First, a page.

Garage Band 10 or Logic Pro X?
Hello. I ha( used an IOS device for a while now, but just recently started getting into the Mac. I was wondering which is more accessible as of now, Garageband or Logic Pro x? I want to get into Music Technology on the Mac, and would like a few pointers. Thanks, Mitchell
When it comes to audio production you simply get what you pay for and there is no getting around that. I switched to mac from pc a couple of months ago and the first thing I did was get into garageband. It is accessible in parts. Depending on what you want to accomplish it could be considered completely accessible. However. After two weeks of cursing and swearing, I got Logic Pro X and I am happy I did. At this point Logic is very much accessible and usable. It is extremely powerful but takes lots and lots of reading. I'm lucky as the other people in my band use logic so we can share screen and go through all those things that appear to not work.
One thing that Garageband will not do is to import audio. Audio files need to be either dragged and dropped, or copied and pasted into tracks. That in itself was a complete dealbreaker for me. I won't even go into all the other things that made me want to sell my iMac after a month. I still want to sell it every now and then. :D
If you are serious about audio, go with Logic and pay the cash. It is worth it, but only if you are prepared to study, and study really hard. The hotkey list for Logic is numbered over a thousand keys to use. Learn how to customize them. Really know how tracks and audio regions are selected and interacted with. Logic is not for the faint of heart and my advice is to never give up. You will spend the majority of time looking for answers and regret it. But never give up because once comfortable with logic, you are prepared for everything.
Another note: My bandmate who helps me visually has taught me that the things I thought were VO issues were actually not. Logic is extremely advanced and can be quirky for all users, but the concept is very simple. You just need to wrap your head around it.
Good luck anyone who might be considering Logic. If you choose Garageband... well... I don't recommend it. If you simply want to play with the auto drummer and some cool loops, Garageband is probably what you want. If you want to record vocals, which is what I do, and do any kind of mixing and mastering, Logic is a must. I'm not mentioning any other daws that may be a better choice for some of you. I have no opinion. This question concerns Garageband v.s Logic and this is my take on that.
I will take that into consideration. Hopefully I can really have th" time to get serious with audio editing. N3w I need to save up my money...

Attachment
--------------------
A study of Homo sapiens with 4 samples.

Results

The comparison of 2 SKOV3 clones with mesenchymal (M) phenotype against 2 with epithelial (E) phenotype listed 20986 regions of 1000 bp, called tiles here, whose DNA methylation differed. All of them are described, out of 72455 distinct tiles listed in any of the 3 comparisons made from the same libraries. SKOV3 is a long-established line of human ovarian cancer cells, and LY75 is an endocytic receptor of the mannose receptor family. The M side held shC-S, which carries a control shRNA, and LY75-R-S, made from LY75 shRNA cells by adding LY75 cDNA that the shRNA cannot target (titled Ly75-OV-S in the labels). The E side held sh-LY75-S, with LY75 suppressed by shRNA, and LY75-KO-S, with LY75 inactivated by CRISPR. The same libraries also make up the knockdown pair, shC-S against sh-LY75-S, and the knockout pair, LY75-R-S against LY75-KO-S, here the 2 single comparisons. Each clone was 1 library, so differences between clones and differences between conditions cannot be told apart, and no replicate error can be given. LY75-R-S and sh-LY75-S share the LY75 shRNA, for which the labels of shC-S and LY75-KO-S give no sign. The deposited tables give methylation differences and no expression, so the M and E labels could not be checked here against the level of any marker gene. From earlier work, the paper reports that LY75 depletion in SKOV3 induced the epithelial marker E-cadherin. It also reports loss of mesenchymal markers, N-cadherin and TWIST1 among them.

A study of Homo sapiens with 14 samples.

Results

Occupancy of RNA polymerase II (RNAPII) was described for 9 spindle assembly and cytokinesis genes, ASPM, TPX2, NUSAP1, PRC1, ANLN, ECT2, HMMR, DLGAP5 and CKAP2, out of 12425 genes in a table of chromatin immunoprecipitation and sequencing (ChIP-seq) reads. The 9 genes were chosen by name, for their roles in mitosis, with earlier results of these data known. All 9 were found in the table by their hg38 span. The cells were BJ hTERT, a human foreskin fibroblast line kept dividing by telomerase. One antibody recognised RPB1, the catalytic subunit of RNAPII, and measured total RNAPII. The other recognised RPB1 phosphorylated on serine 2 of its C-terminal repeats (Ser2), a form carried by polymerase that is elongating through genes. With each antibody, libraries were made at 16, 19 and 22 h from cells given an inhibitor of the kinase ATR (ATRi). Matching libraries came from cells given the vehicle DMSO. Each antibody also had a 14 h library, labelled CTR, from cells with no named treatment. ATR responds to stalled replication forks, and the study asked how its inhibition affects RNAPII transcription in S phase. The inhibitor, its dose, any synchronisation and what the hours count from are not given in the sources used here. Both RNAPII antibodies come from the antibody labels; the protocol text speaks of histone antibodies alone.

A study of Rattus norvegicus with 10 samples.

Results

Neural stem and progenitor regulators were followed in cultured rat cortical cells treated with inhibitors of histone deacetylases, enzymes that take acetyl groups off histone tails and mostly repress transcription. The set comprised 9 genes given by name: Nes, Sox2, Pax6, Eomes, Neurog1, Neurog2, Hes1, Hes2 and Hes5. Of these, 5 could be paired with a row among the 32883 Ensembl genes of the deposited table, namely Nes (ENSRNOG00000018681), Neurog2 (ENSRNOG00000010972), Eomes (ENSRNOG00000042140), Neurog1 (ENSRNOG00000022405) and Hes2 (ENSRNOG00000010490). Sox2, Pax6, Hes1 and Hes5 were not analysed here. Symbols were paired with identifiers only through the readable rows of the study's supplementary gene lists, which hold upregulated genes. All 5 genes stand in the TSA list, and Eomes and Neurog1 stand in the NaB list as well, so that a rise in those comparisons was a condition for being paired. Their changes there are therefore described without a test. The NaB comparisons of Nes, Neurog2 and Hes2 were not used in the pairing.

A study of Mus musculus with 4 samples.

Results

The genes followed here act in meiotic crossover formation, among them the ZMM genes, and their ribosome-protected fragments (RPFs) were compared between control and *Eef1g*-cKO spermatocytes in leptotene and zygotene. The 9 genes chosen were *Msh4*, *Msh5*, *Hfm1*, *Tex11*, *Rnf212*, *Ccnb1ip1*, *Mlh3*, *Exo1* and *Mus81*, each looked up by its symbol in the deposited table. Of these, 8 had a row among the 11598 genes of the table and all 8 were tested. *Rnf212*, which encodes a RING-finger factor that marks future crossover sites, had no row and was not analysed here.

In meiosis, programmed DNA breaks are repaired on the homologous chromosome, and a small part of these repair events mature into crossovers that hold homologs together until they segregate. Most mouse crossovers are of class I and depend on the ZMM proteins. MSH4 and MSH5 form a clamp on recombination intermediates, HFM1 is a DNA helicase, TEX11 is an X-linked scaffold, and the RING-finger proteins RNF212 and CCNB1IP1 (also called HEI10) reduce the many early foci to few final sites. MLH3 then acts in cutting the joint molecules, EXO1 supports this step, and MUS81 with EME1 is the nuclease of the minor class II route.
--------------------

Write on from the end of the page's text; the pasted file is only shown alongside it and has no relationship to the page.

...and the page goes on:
:) I was fortunate to get logic as a gift from a bandmate. So I get it. In my case I suppose it was more a necessity than anything. I had to abandon my Win XP and Sonar Setup as it couldn't handle it anymore. I tracked vocals on our first album on that setup and between albums I switched to get some serious quality on the album we are starting just now. I had to get up and running fairly quickly so I can't say it was fun. There are still so much I don't know and compared to the way I flew through sessions with Sonar, I feel like having to learn to walk all over again. I can say now that I can use it to do my job that it was worth it. If you had asked me a month ago I wouldn't have been so sure. All I can really say is that it seriously can be done and with Logic, you can do just about anything you might imagine in audio production. :D
Hi Jen (and anyone else)!
I was a performance major on flute in college before I failed to see the error of my ways. Two or so years ago, I retired from practicing law, and since then, I have returned to studying flute. Now, I am embarking on the road to recording, editing and mixing my own compositions on Logic Pro X.
This week I made the switch from Windows IBM compatible to MacBook Pro with Touch Bar. My MacBook is supposed to arrive in a couple weeks with Logic Pro X installed. Meanwhile, I am purchasing the other hardware, e.g., Focusrite Clarett pre2 audio interface, mics, etc. The thing is, I don't know a thing about recording, editing and mixing.
So here's my question, Jen (and anyone else): When you recommend reading reading reading and studying studying studying, I'm totally there, but read and study what, exactly? If you had to it to do all over again, what would you do to educate yourself on recording, editing and mixing using Logic Pro X (and/or any other software that does what Logic doesn't)?
Thank you for any word of advice.
The prospect of knowing that Logic is completely usable makes my choices easier. Garageband, though being great for what it is, doesn't get the job done for me. Thanks again.